Commentary

Commentary

Having spent 31 of my 33 professional years on the international side of the shipping industry, moving to the domestic offshore segment has proved similar in some ways and quite different in others. It’s those differences that I believe have caused the Jones Act trades to find themselves in the somewhat controversial positions we’ve read about all too often.
The maritime academies face many challenges in our traditional way of preparing students for careers in the maritime industry: ever-increasing domestic and international regulations (standards, training, certification and watchkeeping; MARPOL; and ballast water, for example); growing demand for online education vs. face-to-face classroom; shrinking state and federal budgets; and the aging state of maritime academy training ships.
The big ship trend shows no sign of slowing.
The two most important changes we believe will affect maritime executive search in the coming year are dramatic shifts in top leadership positions within many of our nation’s seaports and significant growth in the NVOCC and freight forwarding sectors.
I expect three major events in shipping this year.
The shipping market in 2013 may hardly see a fundamental rollover of its current downturn, but the industry will definitely experience a transition that will feature a reshuffling of shipping companies and innovations in their operation and management.
I anticipate our industry will see several changes and forms of evolution this year as all sectors try to find a solid foundation for sustained success. One of the most important developments I suspect we’ll witness will be one of increased internal focus by relevant stakeholders, and that won’t necessarily be detrimental to our industry.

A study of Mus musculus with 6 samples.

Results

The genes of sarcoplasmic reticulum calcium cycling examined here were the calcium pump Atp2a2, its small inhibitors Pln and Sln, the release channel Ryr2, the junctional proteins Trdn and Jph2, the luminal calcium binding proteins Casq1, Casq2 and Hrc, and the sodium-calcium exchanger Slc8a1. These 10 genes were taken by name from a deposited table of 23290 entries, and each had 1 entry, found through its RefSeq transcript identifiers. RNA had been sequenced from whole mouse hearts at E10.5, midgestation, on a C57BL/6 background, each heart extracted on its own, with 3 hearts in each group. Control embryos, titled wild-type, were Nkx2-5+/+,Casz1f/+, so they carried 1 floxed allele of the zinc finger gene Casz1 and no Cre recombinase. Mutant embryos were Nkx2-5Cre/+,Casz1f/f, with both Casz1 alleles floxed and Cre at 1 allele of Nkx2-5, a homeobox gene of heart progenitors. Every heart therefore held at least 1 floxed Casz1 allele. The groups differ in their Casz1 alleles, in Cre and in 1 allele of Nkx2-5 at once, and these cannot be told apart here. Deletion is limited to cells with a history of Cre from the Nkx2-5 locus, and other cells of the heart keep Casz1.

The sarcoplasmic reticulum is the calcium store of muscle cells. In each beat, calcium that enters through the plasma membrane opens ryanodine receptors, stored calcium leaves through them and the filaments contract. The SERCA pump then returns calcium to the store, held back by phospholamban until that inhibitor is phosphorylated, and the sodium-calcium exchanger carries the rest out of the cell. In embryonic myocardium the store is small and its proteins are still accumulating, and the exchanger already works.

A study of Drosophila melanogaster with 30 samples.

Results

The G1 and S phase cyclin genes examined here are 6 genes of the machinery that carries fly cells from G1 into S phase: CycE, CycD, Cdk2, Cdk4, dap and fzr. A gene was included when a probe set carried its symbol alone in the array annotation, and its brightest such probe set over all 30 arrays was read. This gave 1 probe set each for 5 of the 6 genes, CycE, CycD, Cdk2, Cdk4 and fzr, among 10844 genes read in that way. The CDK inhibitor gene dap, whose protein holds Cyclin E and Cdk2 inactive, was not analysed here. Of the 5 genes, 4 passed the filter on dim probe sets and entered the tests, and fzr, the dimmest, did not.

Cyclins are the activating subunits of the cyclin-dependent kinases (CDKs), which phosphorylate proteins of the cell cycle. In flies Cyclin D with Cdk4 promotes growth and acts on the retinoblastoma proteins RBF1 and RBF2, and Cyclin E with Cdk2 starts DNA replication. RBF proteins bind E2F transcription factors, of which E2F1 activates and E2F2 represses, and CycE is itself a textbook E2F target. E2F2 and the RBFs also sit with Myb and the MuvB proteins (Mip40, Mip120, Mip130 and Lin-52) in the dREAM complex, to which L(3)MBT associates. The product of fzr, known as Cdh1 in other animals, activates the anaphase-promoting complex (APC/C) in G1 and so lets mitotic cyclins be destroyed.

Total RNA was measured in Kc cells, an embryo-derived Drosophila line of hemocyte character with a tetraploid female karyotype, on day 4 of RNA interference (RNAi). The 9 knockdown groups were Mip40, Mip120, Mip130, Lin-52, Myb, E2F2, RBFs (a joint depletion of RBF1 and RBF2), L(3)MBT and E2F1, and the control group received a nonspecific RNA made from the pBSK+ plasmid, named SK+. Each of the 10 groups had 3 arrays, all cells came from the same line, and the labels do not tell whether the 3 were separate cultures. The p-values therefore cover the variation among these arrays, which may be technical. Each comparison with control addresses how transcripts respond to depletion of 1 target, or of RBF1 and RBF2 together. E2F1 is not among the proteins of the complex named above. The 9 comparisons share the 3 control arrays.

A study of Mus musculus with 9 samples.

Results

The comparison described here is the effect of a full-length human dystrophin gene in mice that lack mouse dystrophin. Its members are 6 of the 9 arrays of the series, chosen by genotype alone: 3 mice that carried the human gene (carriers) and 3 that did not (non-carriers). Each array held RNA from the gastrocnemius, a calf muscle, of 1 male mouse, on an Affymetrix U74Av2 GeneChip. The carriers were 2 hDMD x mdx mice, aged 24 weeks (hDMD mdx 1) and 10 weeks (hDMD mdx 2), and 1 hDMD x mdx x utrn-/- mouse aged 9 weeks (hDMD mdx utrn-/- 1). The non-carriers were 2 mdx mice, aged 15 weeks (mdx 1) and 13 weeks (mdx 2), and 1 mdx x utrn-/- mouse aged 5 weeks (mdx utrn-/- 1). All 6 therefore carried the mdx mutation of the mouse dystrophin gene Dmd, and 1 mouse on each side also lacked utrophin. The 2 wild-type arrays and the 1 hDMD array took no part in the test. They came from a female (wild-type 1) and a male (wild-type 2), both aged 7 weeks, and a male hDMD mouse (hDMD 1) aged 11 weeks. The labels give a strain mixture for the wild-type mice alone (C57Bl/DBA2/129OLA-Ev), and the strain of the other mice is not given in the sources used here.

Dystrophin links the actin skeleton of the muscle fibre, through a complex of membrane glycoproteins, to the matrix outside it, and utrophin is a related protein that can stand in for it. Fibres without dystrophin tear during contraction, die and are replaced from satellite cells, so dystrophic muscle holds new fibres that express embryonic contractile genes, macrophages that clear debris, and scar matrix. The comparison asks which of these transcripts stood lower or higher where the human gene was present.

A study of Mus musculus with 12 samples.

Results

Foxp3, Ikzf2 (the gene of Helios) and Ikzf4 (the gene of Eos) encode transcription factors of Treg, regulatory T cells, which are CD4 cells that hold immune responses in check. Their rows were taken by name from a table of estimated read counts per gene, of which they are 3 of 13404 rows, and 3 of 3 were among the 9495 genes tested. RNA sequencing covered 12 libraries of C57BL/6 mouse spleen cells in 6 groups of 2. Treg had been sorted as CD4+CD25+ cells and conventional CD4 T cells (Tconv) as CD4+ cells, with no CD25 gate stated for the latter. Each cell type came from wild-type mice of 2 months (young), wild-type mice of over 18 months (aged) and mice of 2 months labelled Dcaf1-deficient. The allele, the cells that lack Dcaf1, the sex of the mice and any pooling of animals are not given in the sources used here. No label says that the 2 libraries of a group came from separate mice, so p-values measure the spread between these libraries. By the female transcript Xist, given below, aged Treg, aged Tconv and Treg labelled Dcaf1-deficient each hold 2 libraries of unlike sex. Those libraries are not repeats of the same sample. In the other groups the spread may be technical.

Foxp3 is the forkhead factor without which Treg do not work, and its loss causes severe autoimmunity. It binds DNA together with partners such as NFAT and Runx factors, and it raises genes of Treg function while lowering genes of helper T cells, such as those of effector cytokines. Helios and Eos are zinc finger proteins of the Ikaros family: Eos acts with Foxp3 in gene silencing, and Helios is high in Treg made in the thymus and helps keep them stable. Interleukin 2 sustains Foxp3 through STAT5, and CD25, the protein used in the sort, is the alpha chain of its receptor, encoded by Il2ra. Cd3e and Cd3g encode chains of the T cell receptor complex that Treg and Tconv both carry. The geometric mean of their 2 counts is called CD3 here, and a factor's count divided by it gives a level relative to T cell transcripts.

The economic environment remains challenging and volatile. We must use this time to leverage stakeholder management across the supply chain with an emphasis on increased public-private partnerships and strengthened cooperation.
2013 promises to bring considerable uncertainty, as well as opportunity for the shipping and ports sector. While the U.S. economy appears to be on a slow path toward recovery from the Great Recession, Europe and Asia face challenges such that the long-term global trade outlook is for more tempered growth in global trade.
Global Trade Management has been defined as “the total optimization of the end-to-end international supply chain — from product conception to final delivery — with focus on the integration of regulatory, strategic and system components to ensure a seamless, secure and cost-effective flow of goods, data and payments across international borders.” In other words, GTM is a holistic approach of managing all of these separate, disparate tasks as a single seamless process.
A few weeks ago an intermodal executive asked me a question to the effect of, “Where should we be headed?” As I talked out my answer and the rationale, it occurred to me that on the surface I sounded cringingly mundane, my observation the type that could have been made in 1995, 2007 or today.
Global economic uncertainty and excess shipping capacity are two key factors that will drive the maritime industry in 2013.
The maritime sector has seen substantial recovery in trade volumes since the dark days of late 2008. This fact appears to support the notion that world trade, while not immune from cyclical economic downturns or temporary disruptions in trade finance, is very much on a trajectory for healthy growth.
The success of the coming year depends largely upon the global economic climate.